Sunday, 22 June 2008

Houston: We Have a Solution

I spent a bit of time in Texas Earlier this year, (Austin, Corpus and San Antonio). From talking to people I got the sense that Houston was a city a lot of people there avoided. Big, sprawling, bad traffic and bad air. I have heard the phrase that "Houston is the worst planned city in America" though can't exactly find the origin of the moniker via Google but it gets used a fair bit.

The 4th largest city in the US has a big problem with traffic. Earlier this year Forbes rated it the 5th worst for traffic congestion in the US with commuters spending 56 hours a year stuck in traffic. In 2006 Houston ranked 12th among major US cities for public transit ridership - 4 places below Los Angeles.

Houston entered the LRT family in 2004 with the opening of a single line and proved the expression 'if you build it they will come'. The line now carries 45,000 riders per day - a level that was not expected to be seen for another couple of decades.

Based in part on the success of the first line the city went ahead with planning for more. It negotiated a $1.3 billion, five line, rail network that is cost shared 50/50 with the Feds.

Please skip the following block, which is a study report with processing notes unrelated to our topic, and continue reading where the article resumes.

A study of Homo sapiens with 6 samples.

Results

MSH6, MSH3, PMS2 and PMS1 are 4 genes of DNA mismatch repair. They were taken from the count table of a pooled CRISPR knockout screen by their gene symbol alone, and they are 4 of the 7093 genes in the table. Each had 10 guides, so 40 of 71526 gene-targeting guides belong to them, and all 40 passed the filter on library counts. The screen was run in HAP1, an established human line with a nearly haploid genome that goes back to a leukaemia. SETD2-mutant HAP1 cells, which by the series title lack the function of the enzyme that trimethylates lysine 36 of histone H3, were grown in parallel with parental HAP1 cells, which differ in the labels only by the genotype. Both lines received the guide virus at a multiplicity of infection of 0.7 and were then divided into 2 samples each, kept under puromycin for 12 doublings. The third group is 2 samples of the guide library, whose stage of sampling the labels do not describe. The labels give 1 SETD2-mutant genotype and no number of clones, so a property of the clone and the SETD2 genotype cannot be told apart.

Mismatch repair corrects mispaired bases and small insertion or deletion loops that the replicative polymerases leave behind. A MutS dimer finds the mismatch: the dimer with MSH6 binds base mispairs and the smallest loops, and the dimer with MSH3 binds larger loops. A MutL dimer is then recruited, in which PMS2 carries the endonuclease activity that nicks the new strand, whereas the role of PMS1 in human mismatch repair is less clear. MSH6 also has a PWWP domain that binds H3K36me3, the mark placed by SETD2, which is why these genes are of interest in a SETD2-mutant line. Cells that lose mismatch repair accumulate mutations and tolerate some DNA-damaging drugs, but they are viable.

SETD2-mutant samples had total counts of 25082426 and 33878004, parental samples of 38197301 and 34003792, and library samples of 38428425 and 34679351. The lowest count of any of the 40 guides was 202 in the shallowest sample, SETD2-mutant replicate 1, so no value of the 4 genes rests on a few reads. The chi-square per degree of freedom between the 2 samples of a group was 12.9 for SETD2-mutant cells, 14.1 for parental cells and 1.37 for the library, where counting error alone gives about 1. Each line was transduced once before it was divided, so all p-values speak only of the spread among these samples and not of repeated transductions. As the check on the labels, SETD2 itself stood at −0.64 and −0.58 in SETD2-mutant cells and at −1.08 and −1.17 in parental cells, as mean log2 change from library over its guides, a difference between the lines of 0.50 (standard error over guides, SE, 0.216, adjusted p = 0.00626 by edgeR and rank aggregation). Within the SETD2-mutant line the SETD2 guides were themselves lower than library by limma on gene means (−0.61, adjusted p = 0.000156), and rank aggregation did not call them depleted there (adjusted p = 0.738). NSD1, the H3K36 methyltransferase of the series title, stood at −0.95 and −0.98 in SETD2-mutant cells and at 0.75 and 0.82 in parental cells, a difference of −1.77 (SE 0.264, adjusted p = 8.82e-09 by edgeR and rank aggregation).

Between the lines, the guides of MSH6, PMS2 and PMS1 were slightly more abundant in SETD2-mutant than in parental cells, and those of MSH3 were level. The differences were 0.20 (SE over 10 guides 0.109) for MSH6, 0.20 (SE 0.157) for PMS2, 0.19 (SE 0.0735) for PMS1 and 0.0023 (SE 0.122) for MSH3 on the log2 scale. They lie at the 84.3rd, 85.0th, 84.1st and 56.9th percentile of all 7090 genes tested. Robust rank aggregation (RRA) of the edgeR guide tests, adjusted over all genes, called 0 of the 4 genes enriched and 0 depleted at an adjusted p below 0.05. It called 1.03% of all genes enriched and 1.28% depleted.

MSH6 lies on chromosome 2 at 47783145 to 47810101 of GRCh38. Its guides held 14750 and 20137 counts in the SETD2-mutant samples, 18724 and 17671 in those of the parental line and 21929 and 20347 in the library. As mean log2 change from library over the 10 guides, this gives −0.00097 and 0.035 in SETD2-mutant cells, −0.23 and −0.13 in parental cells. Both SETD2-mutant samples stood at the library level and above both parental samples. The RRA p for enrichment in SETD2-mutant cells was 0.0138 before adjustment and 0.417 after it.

Houston did go through the BRT v LRT debate. Initially bus lanes were the favoured choice but, in the end, settled on LRT claiming that the cost of building roadways and buying buses only to lay down track and buy rail cars a few years down the road (no pun intended) would add $600 million to the cost.

In a recent interview with NPR Mayor Bill White of Houston does not think this will be the end of the changes to Houston. He didn't mention concrete details but touched on planning and zoning changes as ways that residents will have to "reorder the way they live" and that in 20 years Houston will be "fundamentally different" than it is now.

Regardless of whatever other changes are in the cards for Houston, at least by 2012 there will be another 60,000 less people on the road for the daily commute.